Contextual Advertising Gone Awry…But is it ALL Bad?

In an Ad-Rants e-mail, there was this story about the horrible news on that talked about the deaths of several members of our armed forces over in Iraq. The point of this posting was the fact that this ad was an unfortunate target of CNN’s banner ad-serving, which appears to be based on contextual advertising. What’s so bad about it right now? Well basically think about it…you have a story about military personnel dying during a time of war and on the advertising section of this page, there’s a banner for life insurance that reads…

“If you died today, who would fund your family’s future?”

Umm…sorry, but that was probably poor placement both on CNN’s part (or whoever their ad-serving network is — chances are Doubleclick?) and this life insurance company.

However, we shouldn’t automatically rule contextual advertising as a bad thing. It is good because for those normal searches we are doing, a banner ad that relates to what we’re looking for would be very beneficial for both the client and the customer. However, there are certain times, like in the case of CNN, that contextual advertising shouldn’t take place.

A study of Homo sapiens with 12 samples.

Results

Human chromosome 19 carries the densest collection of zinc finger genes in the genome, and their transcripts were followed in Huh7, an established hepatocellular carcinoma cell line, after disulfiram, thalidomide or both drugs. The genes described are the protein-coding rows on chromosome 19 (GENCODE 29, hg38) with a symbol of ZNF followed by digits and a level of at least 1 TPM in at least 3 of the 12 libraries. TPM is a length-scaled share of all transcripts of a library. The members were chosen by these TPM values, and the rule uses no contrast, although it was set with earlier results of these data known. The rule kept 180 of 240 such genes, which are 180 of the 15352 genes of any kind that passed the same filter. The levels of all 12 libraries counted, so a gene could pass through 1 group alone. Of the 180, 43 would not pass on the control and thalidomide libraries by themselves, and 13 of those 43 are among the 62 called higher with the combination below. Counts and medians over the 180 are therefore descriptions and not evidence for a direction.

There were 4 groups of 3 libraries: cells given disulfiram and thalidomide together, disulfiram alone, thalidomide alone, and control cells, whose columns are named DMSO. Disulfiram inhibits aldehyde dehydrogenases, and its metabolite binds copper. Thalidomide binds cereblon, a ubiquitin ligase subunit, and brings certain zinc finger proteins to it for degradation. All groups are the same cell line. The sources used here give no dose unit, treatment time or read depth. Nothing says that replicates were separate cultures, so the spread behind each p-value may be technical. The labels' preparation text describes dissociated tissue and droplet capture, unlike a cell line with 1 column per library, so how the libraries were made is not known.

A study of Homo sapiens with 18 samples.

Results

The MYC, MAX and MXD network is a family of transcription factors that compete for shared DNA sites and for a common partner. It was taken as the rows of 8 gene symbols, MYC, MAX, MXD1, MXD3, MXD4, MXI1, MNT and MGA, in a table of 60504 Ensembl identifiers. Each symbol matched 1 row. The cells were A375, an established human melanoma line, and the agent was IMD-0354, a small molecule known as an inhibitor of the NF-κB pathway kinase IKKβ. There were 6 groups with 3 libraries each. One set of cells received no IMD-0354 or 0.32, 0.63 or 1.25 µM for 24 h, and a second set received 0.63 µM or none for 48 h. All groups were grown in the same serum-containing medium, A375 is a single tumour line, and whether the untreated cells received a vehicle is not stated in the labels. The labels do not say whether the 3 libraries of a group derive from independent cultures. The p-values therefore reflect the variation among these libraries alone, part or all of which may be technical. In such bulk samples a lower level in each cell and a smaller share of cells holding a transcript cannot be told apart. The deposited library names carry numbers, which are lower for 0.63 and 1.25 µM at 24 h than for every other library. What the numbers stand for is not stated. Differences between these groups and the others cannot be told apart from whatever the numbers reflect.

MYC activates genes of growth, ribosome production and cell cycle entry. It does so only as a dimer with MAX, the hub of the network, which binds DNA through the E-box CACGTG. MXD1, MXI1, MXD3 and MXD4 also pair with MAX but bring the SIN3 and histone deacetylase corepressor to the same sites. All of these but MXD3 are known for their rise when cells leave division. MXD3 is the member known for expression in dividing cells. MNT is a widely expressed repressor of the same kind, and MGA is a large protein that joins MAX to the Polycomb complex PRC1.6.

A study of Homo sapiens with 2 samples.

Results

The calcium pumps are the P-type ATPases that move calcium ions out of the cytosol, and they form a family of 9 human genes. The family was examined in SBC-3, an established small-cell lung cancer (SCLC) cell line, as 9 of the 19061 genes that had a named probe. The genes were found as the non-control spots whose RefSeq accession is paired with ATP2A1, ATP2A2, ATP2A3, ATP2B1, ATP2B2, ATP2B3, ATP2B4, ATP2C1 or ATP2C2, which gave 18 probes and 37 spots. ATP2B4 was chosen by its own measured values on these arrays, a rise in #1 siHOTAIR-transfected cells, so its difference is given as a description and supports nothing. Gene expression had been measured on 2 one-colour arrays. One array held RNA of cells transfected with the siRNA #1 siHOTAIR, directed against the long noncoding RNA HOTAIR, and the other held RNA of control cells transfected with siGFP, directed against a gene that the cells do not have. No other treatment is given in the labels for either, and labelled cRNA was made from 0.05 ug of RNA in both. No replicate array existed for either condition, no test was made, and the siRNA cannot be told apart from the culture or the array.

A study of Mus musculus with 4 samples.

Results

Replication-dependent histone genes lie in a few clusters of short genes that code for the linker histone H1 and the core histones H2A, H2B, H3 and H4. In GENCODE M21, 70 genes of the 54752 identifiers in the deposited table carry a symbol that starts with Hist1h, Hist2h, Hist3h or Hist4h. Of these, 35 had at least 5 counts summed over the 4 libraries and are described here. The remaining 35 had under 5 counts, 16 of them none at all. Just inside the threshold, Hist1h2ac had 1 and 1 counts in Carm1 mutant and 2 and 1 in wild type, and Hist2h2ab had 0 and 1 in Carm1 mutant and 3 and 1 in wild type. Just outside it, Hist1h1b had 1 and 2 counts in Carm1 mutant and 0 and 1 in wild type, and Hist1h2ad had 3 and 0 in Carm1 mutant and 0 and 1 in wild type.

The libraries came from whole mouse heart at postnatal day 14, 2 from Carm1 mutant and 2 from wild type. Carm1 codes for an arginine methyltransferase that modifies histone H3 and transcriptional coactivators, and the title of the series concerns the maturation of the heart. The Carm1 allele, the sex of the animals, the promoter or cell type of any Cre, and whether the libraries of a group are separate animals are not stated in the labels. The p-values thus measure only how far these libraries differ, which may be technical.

What would probably be prudent is for the advertisers to examine all the issues that are going on, especially relating to any news sites (e.g. CNN, MSNBC, Fox News, etc.) as any bad/breaking news that goes on will bring scrutiny on any advertisement that appears.

Categorized as Marketing

By Ken Yeung

Ken Yeung is a journalist fascinated with the stories of the tech industry and internet culture. He's currently the Technology Editor at Flipboard, where he observes what's happening in the space while also identifying new topics of interest. In addition, he co-hosts the weekly internet show "The Created Economy," which focuses on what's happening to creators and influencers. Previously, he was a reporter for VentureBeat and The Next Web, covering tech startups, the industry's innovations and funding. Ken also has a newsletter you should also subscribe to called "Filed."